By Karine Kalantarian and Hovannes Shoghikian
The governing Republican Party of Armenia (HHK) said on Thursday that it expects to garner at least one third of the vote in next month’s parliamentary elections, something which would almost certainly earn it the largest faction in the next National Assembly.
“Our campaign meetings show that the majority of our citizens are ready to vote for the Republican Party of Armenia,” the HHK spokesman, Eduard Sharmazanov, told journalists. “The Republican Party of Armenia plans to get at least one third of the vote.”
The HHK, which is now led by Prime Minister Serzh Sarkisian, won about 24 percent of the party list vote in the last parliamentary elections that were criticized as undemocratic by international observers. With Republican-backed candidates doing even better in single-mandate constituencies, that allowed the party to control, both directly and indirectly, at least 50 of the 131 seats in the outgoing National Assembly.
Some HHK leaders have said the party can improve on that performance and even grab an absolute majority of parliament seats in the new legislature.
Opposition leaders maintain that the HHK can not achieve that without massive vote rigging and vote buying. Some of them say it will try to win the May 12 elections at any cost in order to set the stage for Sarkisian’s successful participation in next year’s presidential ballot. The Republicans dismiss such claims, saying that they will contribute to the proper conduct of the vote.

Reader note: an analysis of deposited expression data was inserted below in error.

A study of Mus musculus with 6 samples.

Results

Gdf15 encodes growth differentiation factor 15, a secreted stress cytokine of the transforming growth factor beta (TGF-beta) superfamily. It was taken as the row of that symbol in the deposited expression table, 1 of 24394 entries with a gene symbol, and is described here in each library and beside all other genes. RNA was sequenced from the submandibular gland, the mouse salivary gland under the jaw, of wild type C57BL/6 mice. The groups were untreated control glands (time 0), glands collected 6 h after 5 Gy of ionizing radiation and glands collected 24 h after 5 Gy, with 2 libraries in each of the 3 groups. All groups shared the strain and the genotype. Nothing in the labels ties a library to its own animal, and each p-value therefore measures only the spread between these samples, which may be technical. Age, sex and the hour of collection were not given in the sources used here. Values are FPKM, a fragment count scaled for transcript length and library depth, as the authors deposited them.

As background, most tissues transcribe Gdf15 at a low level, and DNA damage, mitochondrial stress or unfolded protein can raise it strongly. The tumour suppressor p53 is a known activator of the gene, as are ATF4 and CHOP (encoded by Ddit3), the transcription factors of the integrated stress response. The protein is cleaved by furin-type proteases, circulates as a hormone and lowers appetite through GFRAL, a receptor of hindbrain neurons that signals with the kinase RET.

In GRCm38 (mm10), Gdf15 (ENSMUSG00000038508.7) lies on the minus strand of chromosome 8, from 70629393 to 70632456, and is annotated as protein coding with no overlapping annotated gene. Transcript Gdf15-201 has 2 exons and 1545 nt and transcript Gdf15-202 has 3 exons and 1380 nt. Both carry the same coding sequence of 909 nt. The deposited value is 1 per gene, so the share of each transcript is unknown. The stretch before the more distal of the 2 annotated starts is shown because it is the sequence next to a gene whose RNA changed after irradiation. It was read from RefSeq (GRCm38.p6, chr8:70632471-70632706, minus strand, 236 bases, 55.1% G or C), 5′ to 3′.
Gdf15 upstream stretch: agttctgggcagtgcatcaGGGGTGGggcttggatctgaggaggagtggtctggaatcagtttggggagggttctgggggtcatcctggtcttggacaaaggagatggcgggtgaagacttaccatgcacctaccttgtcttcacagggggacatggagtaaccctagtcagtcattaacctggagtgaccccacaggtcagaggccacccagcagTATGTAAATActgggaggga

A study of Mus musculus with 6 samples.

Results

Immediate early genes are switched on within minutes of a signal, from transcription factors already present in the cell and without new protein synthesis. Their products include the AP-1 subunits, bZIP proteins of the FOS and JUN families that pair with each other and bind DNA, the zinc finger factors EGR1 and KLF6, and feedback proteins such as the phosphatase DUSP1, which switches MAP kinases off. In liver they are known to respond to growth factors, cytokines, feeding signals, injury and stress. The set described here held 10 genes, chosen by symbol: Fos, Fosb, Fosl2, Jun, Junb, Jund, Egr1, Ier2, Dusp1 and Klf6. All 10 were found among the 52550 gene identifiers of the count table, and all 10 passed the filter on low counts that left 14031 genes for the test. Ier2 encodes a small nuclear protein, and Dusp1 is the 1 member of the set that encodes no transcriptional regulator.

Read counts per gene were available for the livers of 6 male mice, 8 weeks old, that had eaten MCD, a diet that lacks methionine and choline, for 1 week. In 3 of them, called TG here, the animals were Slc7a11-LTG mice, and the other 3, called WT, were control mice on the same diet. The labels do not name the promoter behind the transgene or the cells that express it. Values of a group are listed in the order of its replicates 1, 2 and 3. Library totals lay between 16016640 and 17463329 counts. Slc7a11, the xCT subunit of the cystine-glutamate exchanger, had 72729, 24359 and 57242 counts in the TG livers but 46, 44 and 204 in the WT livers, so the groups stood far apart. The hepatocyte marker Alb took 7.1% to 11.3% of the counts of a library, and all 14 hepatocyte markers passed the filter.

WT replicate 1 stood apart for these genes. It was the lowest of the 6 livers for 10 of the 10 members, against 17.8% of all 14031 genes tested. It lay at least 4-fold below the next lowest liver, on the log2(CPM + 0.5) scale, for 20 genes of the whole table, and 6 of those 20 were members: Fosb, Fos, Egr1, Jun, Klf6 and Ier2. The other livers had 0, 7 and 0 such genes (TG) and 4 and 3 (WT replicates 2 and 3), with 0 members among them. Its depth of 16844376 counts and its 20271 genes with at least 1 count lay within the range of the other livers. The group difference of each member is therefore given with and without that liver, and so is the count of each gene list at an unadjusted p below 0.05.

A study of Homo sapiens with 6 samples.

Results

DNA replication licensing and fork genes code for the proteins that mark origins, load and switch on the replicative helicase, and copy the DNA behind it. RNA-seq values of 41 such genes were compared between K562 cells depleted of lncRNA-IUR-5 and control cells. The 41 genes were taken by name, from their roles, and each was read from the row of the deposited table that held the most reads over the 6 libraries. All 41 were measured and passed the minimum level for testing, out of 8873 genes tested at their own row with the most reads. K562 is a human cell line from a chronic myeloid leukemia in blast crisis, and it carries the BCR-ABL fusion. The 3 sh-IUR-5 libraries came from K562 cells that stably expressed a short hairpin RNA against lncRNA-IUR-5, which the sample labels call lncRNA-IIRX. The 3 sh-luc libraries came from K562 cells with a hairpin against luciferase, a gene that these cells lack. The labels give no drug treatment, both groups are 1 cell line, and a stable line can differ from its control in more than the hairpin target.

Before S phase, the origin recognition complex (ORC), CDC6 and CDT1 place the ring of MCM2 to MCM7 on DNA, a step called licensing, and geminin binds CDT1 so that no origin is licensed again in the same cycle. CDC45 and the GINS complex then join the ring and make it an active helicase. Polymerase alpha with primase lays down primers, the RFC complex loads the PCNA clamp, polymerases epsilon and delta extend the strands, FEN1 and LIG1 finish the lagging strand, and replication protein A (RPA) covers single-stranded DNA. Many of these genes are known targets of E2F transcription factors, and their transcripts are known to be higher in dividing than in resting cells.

Sarkisian made no mention of his party’s electoral chances as he met hundreds of residents of Yerevan’s central administrative district later on Thursday. He assured them that he is committed to combating widespread government corruption.
The HHK’s election targets may put it at odds with another election frontrunner, the Prosperous Armenia Party (BHK) of businessman Gagik Tsarukian, which is believed to be sponsored by President Robert Kocharian. Some BHK figures have predicted that the party will poll at least 370,000 votes matching the official number of its members.
Official results of the 2003 elections, rejected as fraudulent even by some pro-Kocharian groups, showed the HHK getting less than 300,000 votes.
Armenian newspaper reports have said that local government officials across the country are forcing public sector employees to join and vote for the HHK or risk losing their jobs and warning people not to support the opposition.
Stepan Demirchian, the leader of the opposition People’s Party of Armenia (HZhK) was reminded of the HHK’s pervasive “administrative resources” as he campaigned in the Gegharkunik region on Thursday. Authorities in the regional town of Martuni refused to allow him to meet supporters in the local conference hall. The Demirchian campaign was also unable to use sound amplifiers in the main town square due to a sudden power cut.
Many in the small crowd that gathered there claimed that they were warned not to attend the meeting. “All teachers, doctors and other budget-funded employees here are Republicans,” said one man. “They are too scared to come here.”
“You won’t find a single public sector employee here because they are not allow to go to opposition meetings,” said a resident of the nearby village of Vartenik. “Even pensioners and recipients of poverty benefits were warned not to show up.”